Originally Posted by Steve347
Pros & Cons Of Combining Antennas For Directionality?
By this I am referring to identical antennas which obviously cover the same frequency ranges.
1. can pickup stations from different directions.
1. 3+dB loss per antenna due to the splitter/combiner? I am assuming using a regular splitter.
Not exactly true. When a 2-way splitter is used as a splitter, each output port is down 3 dB because the signal has been cut in half. To that, you must add the internal loss of the splitter, which is about 0.5 dB, which is why each output port is often marked 3.5 dB (loss).
When a splitter is used as a combiner, you are not dividing the signals in half you are combining, so you don't have the 3 dB loss. You do still have the internal loss of 0.5dB. However, since you have the same signals coming from each antenna in various strengths and phase relationships, they can help or hinder in ways that are impossible to predict giving gains or losses.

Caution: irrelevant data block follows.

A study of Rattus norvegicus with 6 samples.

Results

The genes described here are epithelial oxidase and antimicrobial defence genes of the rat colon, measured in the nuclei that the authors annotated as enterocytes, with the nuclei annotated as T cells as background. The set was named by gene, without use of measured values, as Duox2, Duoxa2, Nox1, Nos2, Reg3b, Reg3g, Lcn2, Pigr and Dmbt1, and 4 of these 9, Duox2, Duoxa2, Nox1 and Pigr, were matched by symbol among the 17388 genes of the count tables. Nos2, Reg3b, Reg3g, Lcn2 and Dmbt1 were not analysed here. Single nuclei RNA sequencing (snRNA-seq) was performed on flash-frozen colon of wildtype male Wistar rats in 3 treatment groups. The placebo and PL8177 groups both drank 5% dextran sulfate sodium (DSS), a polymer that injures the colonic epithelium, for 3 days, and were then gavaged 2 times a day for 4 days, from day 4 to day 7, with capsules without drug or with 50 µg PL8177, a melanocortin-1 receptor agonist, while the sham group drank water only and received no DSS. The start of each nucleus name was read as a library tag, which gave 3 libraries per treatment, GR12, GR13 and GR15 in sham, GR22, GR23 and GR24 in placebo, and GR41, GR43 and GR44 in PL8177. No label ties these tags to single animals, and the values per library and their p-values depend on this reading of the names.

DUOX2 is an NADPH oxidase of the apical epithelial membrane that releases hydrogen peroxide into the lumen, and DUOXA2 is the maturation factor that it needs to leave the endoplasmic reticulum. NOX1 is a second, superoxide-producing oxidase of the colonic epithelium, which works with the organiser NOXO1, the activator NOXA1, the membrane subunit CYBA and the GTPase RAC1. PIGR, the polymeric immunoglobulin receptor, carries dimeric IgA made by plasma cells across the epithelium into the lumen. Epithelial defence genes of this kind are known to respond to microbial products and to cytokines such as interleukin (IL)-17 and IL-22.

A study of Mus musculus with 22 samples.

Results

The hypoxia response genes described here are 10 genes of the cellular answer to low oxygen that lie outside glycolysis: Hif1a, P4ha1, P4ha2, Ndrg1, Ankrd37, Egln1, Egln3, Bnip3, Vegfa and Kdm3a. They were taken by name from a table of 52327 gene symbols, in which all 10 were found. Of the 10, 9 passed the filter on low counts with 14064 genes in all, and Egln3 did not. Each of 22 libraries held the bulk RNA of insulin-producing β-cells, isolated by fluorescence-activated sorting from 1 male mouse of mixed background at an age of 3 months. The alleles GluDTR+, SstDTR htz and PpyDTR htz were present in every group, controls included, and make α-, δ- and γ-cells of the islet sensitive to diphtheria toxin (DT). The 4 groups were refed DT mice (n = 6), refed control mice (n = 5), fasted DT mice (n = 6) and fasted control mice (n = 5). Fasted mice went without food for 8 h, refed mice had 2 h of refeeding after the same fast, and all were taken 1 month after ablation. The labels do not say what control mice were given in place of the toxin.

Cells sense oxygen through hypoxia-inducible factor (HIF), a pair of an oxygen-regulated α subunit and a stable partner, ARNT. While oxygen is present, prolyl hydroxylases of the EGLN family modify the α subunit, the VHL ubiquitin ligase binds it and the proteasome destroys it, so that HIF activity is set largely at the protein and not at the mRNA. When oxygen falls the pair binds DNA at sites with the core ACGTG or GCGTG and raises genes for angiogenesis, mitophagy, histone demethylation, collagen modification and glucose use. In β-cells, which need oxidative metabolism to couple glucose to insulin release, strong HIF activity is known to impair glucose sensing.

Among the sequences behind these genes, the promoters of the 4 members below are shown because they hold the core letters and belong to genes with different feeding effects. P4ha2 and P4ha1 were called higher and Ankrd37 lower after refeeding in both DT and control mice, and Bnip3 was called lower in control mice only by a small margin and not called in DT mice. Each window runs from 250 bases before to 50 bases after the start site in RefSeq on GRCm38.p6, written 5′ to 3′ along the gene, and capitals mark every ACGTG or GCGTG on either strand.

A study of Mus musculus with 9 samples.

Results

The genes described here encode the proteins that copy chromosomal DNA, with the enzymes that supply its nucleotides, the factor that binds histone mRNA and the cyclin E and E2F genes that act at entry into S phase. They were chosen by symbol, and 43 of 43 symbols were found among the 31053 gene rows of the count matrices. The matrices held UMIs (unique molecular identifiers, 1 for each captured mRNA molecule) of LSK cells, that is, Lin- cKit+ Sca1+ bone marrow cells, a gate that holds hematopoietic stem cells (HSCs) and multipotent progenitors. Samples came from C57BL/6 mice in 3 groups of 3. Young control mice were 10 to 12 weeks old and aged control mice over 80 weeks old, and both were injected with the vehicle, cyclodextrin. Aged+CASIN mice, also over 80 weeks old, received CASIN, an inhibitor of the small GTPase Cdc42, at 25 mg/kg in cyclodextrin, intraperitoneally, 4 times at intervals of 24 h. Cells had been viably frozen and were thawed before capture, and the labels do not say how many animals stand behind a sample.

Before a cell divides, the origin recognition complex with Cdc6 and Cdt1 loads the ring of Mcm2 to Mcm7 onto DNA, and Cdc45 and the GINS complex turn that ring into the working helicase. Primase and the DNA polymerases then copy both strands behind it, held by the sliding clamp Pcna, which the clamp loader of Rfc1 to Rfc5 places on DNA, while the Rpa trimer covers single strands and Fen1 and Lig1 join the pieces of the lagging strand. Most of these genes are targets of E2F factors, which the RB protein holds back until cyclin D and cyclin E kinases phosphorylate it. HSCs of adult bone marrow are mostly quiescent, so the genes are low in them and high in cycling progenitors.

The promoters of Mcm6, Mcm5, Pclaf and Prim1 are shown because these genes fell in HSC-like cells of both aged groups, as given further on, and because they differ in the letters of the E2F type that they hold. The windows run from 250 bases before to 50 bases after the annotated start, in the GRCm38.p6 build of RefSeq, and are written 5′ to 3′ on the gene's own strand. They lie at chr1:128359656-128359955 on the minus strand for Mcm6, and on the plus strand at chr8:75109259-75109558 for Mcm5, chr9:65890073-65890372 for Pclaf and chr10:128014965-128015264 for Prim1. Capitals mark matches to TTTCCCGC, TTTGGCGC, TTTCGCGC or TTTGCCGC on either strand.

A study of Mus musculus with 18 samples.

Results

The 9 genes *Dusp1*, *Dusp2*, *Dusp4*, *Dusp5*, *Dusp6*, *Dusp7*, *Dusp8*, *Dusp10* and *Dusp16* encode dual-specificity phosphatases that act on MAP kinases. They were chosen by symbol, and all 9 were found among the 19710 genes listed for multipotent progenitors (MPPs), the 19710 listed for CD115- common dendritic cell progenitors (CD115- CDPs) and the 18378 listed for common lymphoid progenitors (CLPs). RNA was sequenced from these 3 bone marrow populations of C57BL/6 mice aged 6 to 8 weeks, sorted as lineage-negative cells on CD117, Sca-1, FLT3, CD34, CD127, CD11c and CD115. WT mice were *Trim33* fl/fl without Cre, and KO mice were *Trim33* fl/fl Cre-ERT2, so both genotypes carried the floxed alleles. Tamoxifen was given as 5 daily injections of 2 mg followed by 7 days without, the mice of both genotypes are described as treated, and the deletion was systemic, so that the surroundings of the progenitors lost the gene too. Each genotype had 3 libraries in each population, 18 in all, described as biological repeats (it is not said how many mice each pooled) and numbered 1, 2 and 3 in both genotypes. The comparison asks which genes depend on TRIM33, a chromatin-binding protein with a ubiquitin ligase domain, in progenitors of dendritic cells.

2. Phasing issues? I am assuming that this could be mitigated by using identical feed lines to the combiner?
Identical length feed lines are required when you have identical antennas aimed in the SAME direction for additional gain. However, when the antennas are aimed in DIFFERENT directions, the feed line lengths are irrelevant because some signals will already be out of phase. That is why you must try that method of combining to see if it will work for you, which it often doesn't.
If you don't have all the signals when combined that you had when the antennas were separate, that method of combining doesn't work for your location.
3. Pattern effects? What does this do to the individual/combined pattern? I am assuming that this may work well at or near 180 degrees (opposite directions). At what smaller angle would this become more of a detrimental issue?
Difficult to predict. According to ADTech, who works for Antennas Direct, the DB8e has the best chance of working when the panels are at right angles (90 deg apart), if not aimed in the same direction.
4. Is there or would there be an optimum vertical spacing depending on the horizontal angle between the antennas
Probably, but the only way you are going to find it is by the empirical method (trial and error).
If I had your problem, I would aim the 8200 at 115 deg for UHF and VHF. I would add a UHF antenna aimed at 286 deg for WUNC PBS and connect it to a separate tuner (converter box), with the output of the tuner connected to the aux input of the TV.